By Jamie Swinnerton
By Mark Antonation
By Lori Midson
By Jonathan Shikes
By Amber Taufen
By Cafe Society
By Juliet Wittman
By Jonathan Shikes
Wine and dine: If an event like the International Pinot Noir Conference makes it sound as though these things are getting a little too specialized, well, it could be worse. At least I didn't have to go to the International Pickle Fest in Atkins, Arkansas, last month.
Instead, I found myself at last week's IPNC in McMinnville, Oregon, which is forty minutes away from Portland and, unlike Vail, about forty million years away from turning into a cheesy capitalist caricature of itself. With the Baptist Linfield College (its grounds were turned over to the IPNC for wine consumption, which made Jesus and his barrels of water look positively meager) making up a large part of the population and more thrift stores and car dealerships than bars and churches, McMinnville may not have offered much in the way of gourmet outside the event, but the local dry cleaner also sold used cars for $199 and up, and you could drive through the downtown area in about four minutes.
Not to mention that McMinnville is in the heart of the Willamette Valley, home of serious pinot producers. And while only a handful of the tiny town's restaurants were worth checking out, the truly great thing about the IPNC is that nearly every meal was included. I have to admit that I consumed a greater share of good food than good wines, although that was more a result of heavy competition for the better bottles than a lack of them altogether.
The three-day event involved seminars packed tightly between gluttonous meals and prodigious pinot pouring. But where some such events set up buffets and expect black-tied folks to eat standing up, the IPNC crew--supported by one of the largest, most efficient volunteer staffs I've ever seen--hosted mostly sit-down meals, and even when they were buffet, there were plenty of tables. Unlike many of these deals, this was not a swell place to pick up guys, nor was it a shrine to the latest fashion trends, since just about everyone wore a pale-blue denim shirt, khaki pants and bad shoes. It was like being in Maine, but with no L.L. Bean outlets.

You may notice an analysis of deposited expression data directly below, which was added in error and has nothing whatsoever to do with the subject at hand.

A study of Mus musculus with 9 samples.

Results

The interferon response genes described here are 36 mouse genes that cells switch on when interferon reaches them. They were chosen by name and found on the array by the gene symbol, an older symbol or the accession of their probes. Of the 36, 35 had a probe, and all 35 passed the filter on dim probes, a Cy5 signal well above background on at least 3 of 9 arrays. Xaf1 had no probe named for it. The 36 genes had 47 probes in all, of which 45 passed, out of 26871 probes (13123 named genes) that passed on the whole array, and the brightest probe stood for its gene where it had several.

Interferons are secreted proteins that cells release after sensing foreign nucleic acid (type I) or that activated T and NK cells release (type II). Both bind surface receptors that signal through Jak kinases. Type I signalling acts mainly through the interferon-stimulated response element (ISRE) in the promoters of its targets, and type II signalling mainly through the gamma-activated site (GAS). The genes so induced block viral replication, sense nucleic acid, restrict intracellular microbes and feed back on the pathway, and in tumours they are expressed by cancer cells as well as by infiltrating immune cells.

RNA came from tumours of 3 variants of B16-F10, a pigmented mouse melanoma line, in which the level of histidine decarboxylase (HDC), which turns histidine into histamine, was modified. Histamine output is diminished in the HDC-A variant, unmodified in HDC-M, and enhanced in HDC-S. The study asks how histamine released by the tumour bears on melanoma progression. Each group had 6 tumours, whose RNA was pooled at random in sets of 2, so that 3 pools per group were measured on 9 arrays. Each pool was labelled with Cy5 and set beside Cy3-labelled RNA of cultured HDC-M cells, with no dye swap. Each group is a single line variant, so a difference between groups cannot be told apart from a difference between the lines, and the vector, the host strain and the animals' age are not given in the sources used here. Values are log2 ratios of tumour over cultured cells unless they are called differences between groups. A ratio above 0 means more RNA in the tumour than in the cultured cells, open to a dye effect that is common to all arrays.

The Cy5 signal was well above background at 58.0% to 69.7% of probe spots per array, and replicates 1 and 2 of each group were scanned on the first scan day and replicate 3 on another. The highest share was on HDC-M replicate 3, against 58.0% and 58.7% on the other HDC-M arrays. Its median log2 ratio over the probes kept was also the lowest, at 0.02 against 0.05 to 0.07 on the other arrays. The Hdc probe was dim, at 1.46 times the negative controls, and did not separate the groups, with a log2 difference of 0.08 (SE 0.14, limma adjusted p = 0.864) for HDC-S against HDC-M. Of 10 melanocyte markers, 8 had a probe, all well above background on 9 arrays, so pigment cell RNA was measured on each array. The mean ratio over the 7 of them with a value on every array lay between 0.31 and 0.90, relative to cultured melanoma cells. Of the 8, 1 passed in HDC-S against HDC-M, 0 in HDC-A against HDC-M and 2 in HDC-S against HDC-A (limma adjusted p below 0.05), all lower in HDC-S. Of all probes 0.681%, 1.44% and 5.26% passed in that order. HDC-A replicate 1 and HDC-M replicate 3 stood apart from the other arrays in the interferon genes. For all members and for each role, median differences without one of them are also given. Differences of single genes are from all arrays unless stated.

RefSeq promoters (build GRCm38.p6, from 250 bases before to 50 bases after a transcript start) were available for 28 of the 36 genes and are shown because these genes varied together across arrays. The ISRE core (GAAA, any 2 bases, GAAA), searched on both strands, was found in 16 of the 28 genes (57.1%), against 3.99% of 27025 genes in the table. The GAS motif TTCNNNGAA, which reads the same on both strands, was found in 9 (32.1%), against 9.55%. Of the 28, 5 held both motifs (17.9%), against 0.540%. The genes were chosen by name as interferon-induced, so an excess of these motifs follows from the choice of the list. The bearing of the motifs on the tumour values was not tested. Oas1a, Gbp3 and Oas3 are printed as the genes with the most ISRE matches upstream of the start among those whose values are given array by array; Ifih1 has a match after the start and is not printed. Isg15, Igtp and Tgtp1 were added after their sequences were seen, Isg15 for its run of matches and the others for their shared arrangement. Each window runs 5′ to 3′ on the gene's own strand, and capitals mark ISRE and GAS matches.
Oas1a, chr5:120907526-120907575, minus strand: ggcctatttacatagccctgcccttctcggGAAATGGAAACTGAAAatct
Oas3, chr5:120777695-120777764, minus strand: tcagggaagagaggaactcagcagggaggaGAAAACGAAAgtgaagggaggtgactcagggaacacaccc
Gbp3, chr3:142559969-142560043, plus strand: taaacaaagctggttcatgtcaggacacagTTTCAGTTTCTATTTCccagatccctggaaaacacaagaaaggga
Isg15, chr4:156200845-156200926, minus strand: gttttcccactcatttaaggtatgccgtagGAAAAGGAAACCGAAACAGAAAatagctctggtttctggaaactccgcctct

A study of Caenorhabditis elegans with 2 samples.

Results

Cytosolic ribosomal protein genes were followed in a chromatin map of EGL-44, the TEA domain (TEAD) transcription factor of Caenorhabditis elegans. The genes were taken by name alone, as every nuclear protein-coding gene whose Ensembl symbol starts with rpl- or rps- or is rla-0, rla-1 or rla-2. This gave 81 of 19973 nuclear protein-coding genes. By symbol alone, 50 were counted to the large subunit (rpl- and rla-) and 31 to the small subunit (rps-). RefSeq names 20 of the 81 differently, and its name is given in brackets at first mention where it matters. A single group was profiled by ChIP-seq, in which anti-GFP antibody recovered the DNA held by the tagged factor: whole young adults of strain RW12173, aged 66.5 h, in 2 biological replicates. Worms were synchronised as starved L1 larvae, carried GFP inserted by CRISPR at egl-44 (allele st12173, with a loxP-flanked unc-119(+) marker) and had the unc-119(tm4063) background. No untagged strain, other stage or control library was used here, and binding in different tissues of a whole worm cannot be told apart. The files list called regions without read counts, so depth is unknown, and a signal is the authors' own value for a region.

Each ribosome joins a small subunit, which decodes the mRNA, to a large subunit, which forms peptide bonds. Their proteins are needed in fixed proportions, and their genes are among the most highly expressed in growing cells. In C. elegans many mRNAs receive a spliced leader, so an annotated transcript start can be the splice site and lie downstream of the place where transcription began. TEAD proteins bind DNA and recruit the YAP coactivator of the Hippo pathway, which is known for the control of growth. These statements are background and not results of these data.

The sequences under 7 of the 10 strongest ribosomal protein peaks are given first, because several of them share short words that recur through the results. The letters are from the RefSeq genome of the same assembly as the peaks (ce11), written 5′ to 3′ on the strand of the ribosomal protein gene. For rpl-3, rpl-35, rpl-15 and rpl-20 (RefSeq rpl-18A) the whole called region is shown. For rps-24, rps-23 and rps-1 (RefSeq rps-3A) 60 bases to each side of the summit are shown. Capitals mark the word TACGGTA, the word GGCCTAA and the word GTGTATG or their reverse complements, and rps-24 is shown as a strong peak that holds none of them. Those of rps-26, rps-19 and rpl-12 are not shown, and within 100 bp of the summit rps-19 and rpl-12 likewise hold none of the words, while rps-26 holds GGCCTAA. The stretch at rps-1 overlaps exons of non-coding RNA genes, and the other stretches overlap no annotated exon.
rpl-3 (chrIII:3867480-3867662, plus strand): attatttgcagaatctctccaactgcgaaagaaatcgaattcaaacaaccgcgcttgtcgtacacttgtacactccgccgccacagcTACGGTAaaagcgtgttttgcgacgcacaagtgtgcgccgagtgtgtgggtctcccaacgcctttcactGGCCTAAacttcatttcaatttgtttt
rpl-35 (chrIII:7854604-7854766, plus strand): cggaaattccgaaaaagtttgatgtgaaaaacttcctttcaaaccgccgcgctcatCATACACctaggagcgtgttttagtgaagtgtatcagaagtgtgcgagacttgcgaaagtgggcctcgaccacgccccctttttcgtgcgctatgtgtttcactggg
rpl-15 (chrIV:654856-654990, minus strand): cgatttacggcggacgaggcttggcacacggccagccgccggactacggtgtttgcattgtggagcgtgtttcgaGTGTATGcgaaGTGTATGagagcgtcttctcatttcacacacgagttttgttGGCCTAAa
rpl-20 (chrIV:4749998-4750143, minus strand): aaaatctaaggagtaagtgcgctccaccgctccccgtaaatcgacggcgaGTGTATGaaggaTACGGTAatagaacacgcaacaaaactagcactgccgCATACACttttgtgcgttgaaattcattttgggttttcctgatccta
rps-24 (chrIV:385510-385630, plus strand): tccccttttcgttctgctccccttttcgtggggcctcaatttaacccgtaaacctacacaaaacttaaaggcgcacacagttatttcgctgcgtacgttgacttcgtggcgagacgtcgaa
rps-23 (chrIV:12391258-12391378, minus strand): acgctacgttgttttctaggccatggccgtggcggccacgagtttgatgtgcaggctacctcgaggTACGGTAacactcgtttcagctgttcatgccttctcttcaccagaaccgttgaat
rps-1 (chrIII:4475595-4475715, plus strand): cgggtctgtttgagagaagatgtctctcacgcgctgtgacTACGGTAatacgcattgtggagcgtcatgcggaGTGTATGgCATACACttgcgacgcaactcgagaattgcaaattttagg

Pinot is the great equalizer in a social sense as well as a food one--I've always thought of it as the ultimate bridge-gapper for groups who are ordering fish and steak in a restaurant--and thus many people became very good friends by the time it was all over. We were all so sated, how could we not? Discussions revolved primarily around the food; most of it was prepared by well-known chefs from Oregon, California and Washington, and they gave us plenty to talk about.
For instance, I'd go to the Pickle Fest in Arkansas if I could get ahold of the recipe for the drop-dead-stunning candy-cap-mushroom cheesecake served during lunch at the Eola Hills Winery. The meal was part of Saturday's schedule, which involved all 600 participants being divided up among vineyards and then being bused out. After the lunch and wine tastings, we were handed the means with which to mix our own bottle of wine to label, cork and take home. Nice touch.
Actually, details--such as being handed an ice-cold organic sorbet bar as we hoisted our tired tuchises off the bus and the stationing of friendly coffee-pourers everywhere--are crucial to the success of the IPNC, as is the fact that they limit the number of attendees by holding a lottery for the $650 tickets. Those tickets include two "continental" breakfasts of the finest pastries and the most beautiful fruit Oregon has to offer; two lunches; two dinners, one of which was a fabulous salmon roast complete with dancing; and the finale brunch, which featured all-you-can-eat sushi and sparkling pinots. Then there was the wine, of which I managed to sample 46 different bottles.
No wine-ing: It turns out that there is wine, as well as beer, available at Phoenicia Grill (727 Colorado Boulevard), but they don't seem to have that information on the menu or anywhere else I could find when I visited. I'd reported that the place was dry, like many Middle Eastern eateries, but that is not the case. So go there and enjoy a killer hummus with a glass of wine, please.
And also in the interest of full disclosure, after last week's deadline had passed, I did get restaurateur Kevin Taylor on the phone. In answer to my query, Taylor said the reason he's covering up those gorgeous marble floors in Brasserie Z (815 17th Street) when he turns it into a reworked Zenith is that "the number-one complaint I got about the place was that it was too noisy. The place was so popular with the business crowd, and people kept telling me that they could hear everything that was going on in the kitchen. I like those floors, too, but I think a lot of the restaurants in town that decided to go with the new trend of big, wide-open spaces and high ceilings are kicking themselves now."